Where History Meets Art: Jewish artist David Labkovski’s works are the foundation of The David Labkovski Project—a pilot program being used in some Los Angeles schools to teach students about the Holocaust
The LAUSD is piloting a program here in the Valley—The David Labkovski Project—aimed at teaching students about the Holocaust.
A life, A memory
Before the wave of genocide, that latches on and never lets go
Before the reign of terror, the separations – the hope that was lost
That stole so many lives that scarred them too. How you want, how you wish to forgive, to forget.
But never will.
The life of Jewish artist David Labkovski was filled with tragedy. Born in Lithuania in 1906, he survived three years of imprisonment in a brutal Siberian gulag during World War II. He then returned to a devastated Lithuania, where over 95% of the Jewish population perished in the Holocaust. Throughout Labkovski’s life (He died in Israel at the age of 85.), he painted the story of his struggles and those of his community—the vanished, as well as the people and places that survived. “If it was a choice between a cup of coffee and paints, it was always paints and paintbrushes,” his great-niece Leora Raikin says of David and his wife, Rivka. “Their entire life’s focus was securing paint supplies in whatever form, to be able to document what had happened.”
Today, thousands of miles away in California, the artist’s work is the foundation of the nonprofit David Labkovski Project. The organization is using the artist’s powerful paintings to teach school kids about the Holocaust—and more. Founded by Leora, an artist and educator, and longtime educator Stephanie Wolfson, the DLP has piloted an innovative educational program in four schools, including two in the Valley: the Abraham Heschel Day School in Northridge and Daniel Pearl Magnet High School in Lake Balboa.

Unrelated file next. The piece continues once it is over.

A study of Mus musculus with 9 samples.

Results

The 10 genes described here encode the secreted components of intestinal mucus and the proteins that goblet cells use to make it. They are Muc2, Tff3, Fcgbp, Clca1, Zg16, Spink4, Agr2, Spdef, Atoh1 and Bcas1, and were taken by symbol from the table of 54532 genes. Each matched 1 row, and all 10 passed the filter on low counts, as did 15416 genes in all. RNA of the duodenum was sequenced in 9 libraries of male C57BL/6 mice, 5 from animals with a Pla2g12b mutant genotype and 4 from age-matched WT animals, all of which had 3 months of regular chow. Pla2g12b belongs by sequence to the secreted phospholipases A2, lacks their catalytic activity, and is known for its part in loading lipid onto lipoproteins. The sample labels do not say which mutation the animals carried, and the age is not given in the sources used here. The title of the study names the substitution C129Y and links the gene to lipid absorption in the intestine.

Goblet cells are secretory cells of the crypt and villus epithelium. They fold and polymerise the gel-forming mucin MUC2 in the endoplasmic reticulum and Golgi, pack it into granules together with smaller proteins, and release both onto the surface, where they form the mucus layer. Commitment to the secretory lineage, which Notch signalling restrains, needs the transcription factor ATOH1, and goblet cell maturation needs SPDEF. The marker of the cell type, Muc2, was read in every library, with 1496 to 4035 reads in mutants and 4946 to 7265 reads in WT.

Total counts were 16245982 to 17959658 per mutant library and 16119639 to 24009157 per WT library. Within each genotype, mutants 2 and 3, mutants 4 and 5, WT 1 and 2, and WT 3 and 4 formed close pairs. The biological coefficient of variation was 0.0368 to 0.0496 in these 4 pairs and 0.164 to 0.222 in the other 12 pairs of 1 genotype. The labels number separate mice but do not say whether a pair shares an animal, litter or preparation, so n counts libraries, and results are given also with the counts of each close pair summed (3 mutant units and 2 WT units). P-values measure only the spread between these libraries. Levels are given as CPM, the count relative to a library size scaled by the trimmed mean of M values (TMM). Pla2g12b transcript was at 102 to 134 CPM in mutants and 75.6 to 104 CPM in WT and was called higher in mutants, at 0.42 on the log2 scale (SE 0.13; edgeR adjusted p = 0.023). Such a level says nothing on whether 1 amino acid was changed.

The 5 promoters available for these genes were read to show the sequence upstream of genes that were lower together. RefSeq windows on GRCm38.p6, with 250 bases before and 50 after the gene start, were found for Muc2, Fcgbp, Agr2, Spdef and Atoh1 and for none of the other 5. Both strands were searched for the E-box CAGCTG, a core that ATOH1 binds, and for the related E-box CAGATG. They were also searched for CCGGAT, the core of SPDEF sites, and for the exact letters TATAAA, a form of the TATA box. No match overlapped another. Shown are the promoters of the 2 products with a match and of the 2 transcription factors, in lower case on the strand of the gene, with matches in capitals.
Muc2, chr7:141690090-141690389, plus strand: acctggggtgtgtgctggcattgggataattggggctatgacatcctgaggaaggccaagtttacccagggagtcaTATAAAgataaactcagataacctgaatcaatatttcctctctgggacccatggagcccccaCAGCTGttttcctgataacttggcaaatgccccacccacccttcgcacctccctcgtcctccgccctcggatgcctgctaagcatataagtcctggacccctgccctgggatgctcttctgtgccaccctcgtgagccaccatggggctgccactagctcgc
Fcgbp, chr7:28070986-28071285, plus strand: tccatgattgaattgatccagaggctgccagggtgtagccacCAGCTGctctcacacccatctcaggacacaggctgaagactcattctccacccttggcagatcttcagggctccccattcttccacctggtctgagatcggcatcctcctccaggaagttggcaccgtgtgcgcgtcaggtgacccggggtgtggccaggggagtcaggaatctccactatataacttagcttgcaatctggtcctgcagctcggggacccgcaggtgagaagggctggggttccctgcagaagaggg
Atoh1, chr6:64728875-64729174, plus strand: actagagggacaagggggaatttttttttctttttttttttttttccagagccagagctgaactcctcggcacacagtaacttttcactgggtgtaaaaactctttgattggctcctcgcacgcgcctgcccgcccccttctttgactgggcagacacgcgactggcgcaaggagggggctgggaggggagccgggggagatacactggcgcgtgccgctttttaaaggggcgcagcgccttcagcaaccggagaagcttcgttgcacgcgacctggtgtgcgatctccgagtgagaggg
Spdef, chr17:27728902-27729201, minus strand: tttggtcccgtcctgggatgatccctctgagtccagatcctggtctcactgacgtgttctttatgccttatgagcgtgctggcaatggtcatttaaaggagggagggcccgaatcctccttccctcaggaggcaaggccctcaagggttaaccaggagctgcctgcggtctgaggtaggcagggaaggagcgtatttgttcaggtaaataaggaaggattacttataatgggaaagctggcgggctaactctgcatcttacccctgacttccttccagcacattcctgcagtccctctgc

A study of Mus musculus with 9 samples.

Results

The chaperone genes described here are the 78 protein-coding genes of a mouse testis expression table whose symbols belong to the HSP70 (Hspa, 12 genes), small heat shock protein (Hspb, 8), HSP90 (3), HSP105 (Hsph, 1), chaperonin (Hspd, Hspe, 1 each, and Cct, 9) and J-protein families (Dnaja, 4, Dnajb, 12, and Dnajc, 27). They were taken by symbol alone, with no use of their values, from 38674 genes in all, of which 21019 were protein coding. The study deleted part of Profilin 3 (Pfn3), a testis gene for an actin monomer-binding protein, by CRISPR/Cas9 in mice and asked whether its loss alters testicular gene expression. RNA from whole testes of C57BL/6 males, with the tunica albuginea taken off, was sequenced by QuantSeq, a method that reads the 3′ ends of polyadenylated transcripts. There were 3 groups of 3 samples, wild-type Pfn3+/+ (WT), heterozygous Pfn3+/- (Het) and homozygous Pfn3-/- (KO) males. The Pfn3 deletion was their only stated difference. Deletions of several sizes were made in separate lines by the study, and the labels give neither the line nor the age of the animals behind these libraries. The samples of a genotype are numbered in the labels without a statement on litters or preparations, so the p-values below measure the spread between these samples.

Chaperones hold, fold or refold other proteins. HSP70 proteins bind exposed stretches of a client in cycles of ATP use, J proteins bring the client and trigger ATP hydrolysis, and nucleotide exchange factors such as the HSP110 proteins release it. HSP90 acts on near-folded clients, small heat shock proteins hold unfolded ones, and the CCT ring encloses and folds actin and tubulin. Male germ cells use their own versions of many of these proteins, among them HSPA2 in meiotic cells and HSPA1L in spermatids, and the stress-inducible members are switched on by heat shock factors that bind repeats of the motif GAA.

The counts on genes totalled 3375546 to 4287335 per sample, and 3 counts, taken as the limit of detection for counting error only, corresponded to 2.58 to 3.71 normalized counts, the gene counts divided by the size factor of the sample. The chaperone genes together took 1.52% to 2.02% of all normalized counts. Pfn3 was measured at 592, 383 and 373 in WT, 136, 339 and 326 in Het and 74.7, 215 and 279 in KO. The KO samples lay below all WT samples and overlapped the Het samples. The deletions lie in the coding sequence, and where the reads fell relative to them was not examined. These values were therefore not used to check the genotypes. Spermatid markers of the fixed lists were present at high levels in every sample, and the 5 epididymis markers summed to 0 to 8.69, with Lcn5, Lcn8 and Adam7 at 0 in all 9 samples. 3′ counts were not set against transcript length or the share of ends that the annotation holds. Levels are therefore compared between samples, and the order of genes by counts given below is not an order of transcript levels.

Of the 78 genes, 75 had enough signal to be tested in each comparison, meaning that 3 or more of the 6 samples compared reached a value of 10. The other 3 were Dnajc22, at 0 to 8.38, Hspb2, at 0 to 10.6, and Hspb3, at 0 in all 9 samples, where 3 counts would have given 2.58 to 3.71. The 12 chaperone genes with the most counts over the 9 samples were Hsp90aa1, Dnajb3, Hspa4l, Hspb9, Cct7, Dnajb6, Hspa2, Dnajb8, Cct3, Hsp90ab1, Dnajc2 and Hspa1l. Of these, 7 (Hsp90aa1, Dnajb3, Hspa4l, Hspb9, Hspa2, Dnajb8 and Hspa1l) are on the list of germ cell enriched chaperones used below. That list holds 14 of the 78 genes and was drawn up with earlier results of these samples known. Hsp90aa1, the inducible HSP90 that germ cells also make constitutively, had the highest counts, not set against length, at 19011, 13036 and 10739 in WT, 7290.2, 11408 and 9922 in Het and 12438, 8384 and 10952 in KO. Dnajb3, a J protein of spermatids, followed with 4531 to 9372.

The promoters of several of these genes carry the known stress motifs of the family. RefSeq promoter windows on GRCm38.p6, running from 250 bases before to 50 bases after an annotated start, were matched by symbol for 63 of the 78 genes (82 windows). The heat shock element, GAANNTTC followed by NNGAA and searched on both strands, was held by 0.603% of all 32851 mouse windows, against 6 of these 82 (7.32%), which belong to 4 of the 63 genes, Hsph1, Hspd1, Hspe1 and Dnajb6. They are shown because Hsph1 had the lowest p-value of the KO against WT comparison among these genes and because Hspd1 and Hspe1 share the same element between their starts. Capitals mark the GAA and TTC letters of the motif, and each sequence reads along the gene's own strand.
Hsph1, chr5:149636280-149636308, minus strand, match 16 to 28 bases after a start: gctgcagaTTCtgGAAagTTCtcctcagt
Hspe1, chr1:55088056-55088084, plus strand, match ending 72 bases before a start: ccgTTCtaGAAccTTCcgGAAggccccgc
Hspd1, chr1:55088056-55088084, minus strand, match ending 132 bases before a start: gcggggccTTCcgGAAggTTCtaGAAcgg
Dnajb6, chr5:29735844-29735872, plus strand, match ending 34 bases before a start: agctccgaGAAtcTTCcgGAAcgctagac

Over the course of a semester, Leora and Stephanie go into classrooms once a week, with copies of Labkovski’s paintings. Students learn about his life and are encouraged to critique and respond to his work with their own artwork and poetry. The semester culminates in a student-led exhibition of Labkovski’s art. “The ultimate goal is for them to be able to curate an exhibition that they have designed,” Stephanie explains. “They have selected the pieces for it, and they have collaborated with each other on how to tell his story in a historical context.”
“Traditionally a lot of Holocaust history has been taught either through survivor testimony or reading a document,” Leora says. This project, she explains, is “much more than just Holocaust education—it’s the creation experience, it’s the ownership, it’s the critical thinking skills, it’s the public speaking, it’s reading art.”
Students are given enormous freedom in how they choose to display Labkovski’s work. “When we say it’s up to them, it really is up to them,” Stephanie says. “So we have our lesson plans to explore the history and the art, and then we’re like ‘What are you going to do with this?’ The question we ask is, ‘So now, how do you want to tell the story? How do you want to curate it for the public if you are not there to docent?’”
The kids have responded in innovative ways. At Heschel Day School, students decided to use QR codes (matrix bar codes) in their exhibition, so that visitors could listen to information about each piece of art on their smartphones. Another school chose to create a website to serve as a companion piece to its exhibit, ensuring the project lived on after it closed.
Leora and Stephanie hope to expand the program nationwide and continue Labkovski’s lifelong mission of bearing witness. The two enthusiastically share student comments. One student told Stephanie, “If anyone ever tries to deny this [the Holocaust] happened, they need to come to me!” Another student, while drawing a portrait of Labkovski, said, “I thought I understood how hard his life was, but when I was drawing the lines on his face, I felt it.” Perhaps empathy is the project’s greatest lesson.